Op-Ed

There's no skirting the administration's failure to take bold action on protecting our communities, rivers, lakes, oceans, wild lands, air and climate.

July 11, 2011|By Michael Brune

Environmentalists worked hard to help Barack Obama win the presidency. Three years later, many of us are disappointed with the administration's environmental record. Although headlines proclaiming that Al Gore "condemned," "blasted" or "slammed" the president in his recent Rolling Stone essay were exaggerated, there's no skirting the administration's failure to take bold action on protecting our communities, rivers, lakes, oceans, wild lands, air and climate.


FOR THE RECORD:
Tar sands: A July 11 Op-Ed on what President Obama can do to reassert his environmental credibility said that the proposed Keystone XL tar sands pipeline was "backed" by the Koch brothers. Koch Industries says it has no involvement in the project and has not taken a position on it.

Every now and then, the Obama administration has lived up to its potential, to be sure. The Environmental Protection Agency, which was all but gutted under President George W. Bush, has resumed its mission, with Administrator Lisa Jackson's announcement Thursday that her agency would hold coal plants accountable for smog and soot pollution that drifts downwind across state lines being just the latest example.

Obama's other significant environmental accomplishments include striking a deal with automakers to raise automobile fuel-efficiency standards to an industry average of 35.5 miles per gallon by 2016, reinstating protection for millions of acres of roadless land, safeguarding the Grand Canyon area from future uranium mining and, most significantly, declaring that under the Clean Air Act, greenhouse gases endanger the public health and welfare.

Against that, weigh the administration's failure to help pass a climate and energy bill, its support for expanded offshore drilling (both before and after the worst oil spill in our country's history), opening up public lands to destructive coal mining, failing to properly regulate an out-of-control natural gas industry and stubbornly paying lip service to oxymorons like "clean coal" and "safe nuclear power." The EPA may be moving quickly to reverse the worst environmental crimes of the Bush era, but that's still not good enough given the challenges.

There are fears that Obama may completely set aside environmental concerns to focus on the economy. That would be a mistake. Polls show that Americans (and not just those of us who call ourselves environmentalists) overwhelmingly support clean air, clean water, national parks and renewable energy. At the height of the attacks on the EPA in Congress, for instance, the American Lung Assn. released a bipartisan poll of likely voters that found that three out of four voters supported setting tougher standards on toxic air pollutants, including carbon dioxide.

What's more, Americans understand that building a clean, renewable energy economy can make our nation stronger and create millions of jobs. Obama's message should be that protecting the environment and growing the economy are one and the same, no matter how often big business and the Republican Party say otherwise.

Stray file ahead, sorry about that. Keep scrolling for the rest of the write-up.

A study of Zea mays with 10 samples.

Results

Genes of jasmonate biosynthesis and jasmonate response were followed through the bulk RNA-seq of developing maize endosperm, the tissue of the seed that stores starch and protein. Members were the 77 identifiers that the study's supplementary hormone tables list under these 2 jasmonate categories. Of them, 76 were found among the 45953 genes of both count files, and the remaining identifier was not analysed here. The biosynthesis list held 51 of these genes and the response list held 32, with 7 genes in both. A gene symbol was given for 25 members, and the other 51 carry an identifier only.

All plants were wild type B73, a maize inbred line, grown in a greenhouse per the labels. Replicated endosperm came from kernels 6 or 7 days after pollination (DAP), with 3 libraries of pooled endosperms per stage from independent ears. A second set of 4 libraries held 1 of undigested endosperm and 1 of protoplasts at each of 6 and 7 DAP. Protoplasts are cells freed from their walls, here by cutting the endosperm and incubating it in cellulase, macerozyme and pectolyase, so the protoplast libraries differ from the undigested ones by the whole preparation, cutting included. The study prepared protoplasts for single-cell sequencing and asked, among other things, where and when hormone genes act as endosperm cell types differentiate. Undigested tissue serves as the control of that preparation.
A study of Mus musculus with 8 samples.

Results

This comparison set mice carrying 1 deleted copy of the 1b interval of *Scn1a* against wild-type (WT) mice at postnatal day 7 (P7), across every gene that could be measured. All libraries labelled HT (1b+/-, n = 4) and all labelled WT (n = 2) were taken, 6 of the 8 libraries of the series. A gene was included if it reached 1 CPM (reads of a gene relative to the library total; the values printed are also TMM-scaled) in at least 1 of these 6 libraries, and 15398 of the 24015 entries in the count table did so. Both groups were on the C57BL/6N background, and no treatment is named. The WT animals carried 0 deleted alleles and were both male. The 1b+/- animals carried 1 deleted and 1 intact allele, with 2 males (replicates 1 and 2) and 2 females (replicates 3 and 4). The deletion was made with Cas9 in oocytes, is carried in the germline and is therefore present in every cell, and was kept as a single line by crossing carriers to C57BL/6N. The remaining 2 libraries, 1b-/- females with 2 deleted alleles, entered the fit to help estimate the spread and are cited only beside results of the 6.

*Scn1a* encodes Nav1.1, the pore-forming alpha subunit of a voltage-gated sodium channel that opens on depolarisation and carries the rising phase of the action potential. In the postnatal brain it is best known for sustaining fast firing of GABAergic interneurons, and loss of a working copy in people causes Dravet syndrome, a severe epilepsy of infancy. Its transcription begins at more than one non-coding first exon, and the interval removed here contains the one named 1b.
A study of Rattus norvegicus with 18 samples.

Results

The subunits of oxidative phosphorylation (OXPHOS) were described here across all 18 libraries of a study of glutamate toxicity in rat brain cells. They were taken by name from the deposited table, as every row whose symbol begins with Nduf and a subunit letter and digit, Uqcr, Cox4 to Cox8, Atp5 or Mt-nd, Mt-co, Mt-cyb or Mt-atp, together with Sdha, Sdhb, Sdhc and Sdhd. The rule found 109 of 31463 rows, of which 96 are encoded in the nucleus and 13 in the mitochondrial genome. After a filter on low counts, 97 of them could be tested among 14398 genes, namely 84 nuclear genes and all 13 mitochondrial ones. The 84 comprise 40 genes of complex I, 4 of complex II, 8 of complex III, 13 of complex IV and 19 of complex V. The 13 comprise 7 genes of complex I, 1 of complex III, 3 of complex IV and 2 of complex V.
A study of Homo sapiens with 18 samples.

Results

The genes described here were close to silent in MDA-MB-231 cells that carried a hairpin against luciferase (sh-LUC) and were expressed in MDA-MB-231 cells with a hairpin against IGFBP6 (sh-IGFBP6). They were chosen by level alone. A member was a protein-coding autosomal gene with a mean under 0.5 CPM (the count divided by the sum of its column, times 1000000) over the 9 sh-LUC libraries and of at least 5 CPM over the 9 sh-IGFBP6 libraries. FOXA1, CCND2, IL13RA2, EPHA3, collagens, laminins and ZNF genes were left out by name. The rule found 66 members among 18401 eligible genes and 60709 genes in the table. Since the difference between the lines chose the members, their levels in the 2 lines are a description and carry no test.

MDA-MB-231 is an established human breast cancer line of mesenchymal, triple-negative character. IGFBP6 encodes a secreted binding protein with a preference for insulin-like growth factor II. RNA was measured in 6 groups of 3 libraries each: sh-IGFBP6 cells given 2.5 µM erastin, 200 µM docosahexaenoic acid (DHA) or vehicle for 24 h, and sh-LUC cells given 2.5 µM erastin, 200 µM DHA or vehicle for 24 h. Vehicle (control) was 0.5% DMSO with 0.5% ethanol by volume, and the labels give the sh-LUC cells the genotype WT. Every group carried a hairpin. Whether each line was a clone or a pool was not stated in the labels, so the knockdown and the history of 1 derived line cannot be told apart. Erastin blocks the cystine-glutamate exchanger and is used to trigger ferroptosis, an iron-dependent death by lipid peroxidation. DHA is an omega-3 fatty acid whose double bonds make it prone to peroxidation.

What about those of us who do call ourselves environmentalists? Even in the hostile political environment that pervades Washington, the president still has real opportunities to enact policies that would bolster his record and show us that he shares our concerns. Here are four ways he can show us just how green his presidency really is:

The administration is weighing whether to approve the Koch brothers-backed Keystone XL pipeline that would bring dirty tar sands oil from Canada to the Gulf of Mexico, placing the aquifer for most of the Midwest at risk. Allowing this monstrosity to despoil our landscape would be a blow to the environment and to the hopes of the people who helped elect Obama in 2008. If the president firmly says no to this, he'll be well on the way to replenishing his eco cred.

Obama will get another chance to step up this fall, when his administration has the opportunity to strengthen fuel-efficiency and auto pollution standards. This time, we need a standard of at least 60 mpg for vehicles by 2025. By 2030, we would be saving more than a billion barrels of oil annually — far more than the 30 million barrels that the president just released from the Strategic Petroleum Reserve.

Finally, the president should ensure that two important deadlines are met. After a year and a half of delays, the EPA is finalizing a new standard for ozone pollution — smog — that if tough enough would save up to 12,000 lives each year. The agency's latest self-imposed deadline is just a month away. And right now, the EPA is taking comments on proposed new standards for regulating mercury emissions from coal plants. Cleaning up that pollution would prevent up to 17,000 premature deaths annually. The deadline for a final decision is in November.

If the Obama administration follows through on these issues and delivers the clean energy and healthy environmental results that Americans want, the president will consolidate support from a wide range of voters, including environmentalists. That could be the basis for four more years in which to prove he can be the kind of environmental president this country needs.

Michael Brune is the executive director of the Sierra Club.